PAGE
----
When I began writing my first book, I had one vision that was persistent: I saw myself at Barnes and Noble signing books for adoring fans who waited in line to buy my newest bestseller. I’d wield my pen like a pro, confidently adding an inscription and putting my signature on the first page of my newest novel.
I believe most writers share this fantasy. We dream of being discovered by an adoring public and following in the large footsteps of J.K. Rowling, Dan Brown, Stephen King, or You-Name-The-Author. Some of us hope to be revered as literary giants, in the company of Faulkner, Hemingway, or You-Name-Another-Author. Some hope to fire the flame of those who sit by the fire, romance novel in hand, breathing deeply the scent of the larger-than-life hero wooing the capable-but-dreamy heroine on a ranch in Wyoming before the first snow of winter.
When Bruce and the Road to Courage came off the press in August of 2011, I celebrated (actually, I still celebrate the fact that I wrote a novel after so many years of trying and getting nowhere . . . it’s tougher than it looks, at least at first.) I thought the road to getting a book signing would be a simple matter of calling up Barnes and Noble and saying, “Hi, I’m an author, and I’d like to sign books in your store.” Well . . . no, it’s not as simple as that.
I won’t go into the gory details, but one of the reasons I became a publisher as well as an author (check out Two Cats Press, if you haven’t yet) was to have a publishing presence that would allow me to apply to Barnes and Noble (our only remaining large bookstore in the United States) to carry my books and, once I was accepted by the powers-that-be in the New York office and my books were ordered for their shelves, THEN I could contact my local store for a signing.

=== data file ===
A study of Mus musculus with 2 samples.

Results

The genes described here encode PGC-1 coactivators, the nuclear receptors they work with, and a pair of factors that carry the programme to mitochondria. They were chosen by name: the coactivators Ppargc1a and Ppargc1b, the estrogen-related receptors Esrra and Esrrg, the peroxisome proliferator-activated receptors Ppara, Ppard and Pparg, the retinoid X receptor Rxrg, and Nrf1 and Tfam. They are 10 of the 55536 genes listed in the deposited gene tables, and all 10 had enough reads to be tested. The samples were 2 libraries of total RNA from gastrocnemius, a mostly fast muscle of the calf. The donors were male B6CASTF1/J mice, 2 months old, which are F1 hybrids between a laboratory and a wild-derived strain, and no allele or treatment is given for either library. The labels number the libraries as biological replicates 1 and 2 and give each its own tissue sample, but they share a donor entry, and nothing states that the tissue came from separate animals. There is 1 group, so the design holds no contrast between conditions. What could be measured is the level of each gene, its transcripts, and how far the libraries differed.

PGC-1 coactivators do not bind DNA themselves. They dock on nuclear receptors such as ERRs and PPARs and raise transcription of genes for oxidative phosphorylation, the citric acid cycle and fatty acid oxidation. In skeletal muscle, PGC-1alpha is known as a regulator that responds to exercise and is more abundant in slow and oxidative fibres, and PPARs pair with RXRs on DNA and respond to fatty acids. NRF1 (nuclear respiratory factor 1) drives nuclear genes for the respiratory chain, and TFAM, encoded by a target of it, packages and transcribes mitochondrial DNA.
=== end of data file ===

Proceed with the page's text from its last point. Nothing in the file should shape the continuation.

It’s taken me a bit more than two years and lots of wrong turns and dead ends along the way before arriving at this destination, but I’m finally here: My first book signing at my local Barnes and Noble store in Surprise next Saturday, December 14th, from 11:00 AM until 2:00 PM.
I don’t expect a lot of people to be there — certainly not droves of fans, other than the shoppers who are looking for Christmas gifts anyway. I may be able to “suggest” some of my books into their hands before it’s over. But it will be a dream realized, one way or another.
Of course, along the way to getting here, I’ve realized that it’s not the big store or the multitude of fans that really matters. Sure, I’d love to have every girl and boy want to read my book and, better yet, like it after it was done. But I’ve learned that not much can compare to having a ten-year-old boy say to me, “This is the best day ever!” after he bought a copy of my books, following a visit to his school, or to have the mother of one of the children there say, “You inspired my daughter to want to read.” I come away from those events filled to overflowing with gratitude and joy that the children enjoy my writing and that I am making a difference in their lives.
Bruce’s journey continues (I’m working on another Bruce novel even now, in sync with the first book in a new series I hope to publish later), as does mine. If you can join me to commemorate a dream come true next Saturday, I’d love that. If not, I feel your good wishes with me as I write. You’ve been the inspiration, the cheering section, spurring me on to “The End” all along.
I’ll hopefully have some pictures to post and will let you know how it goes.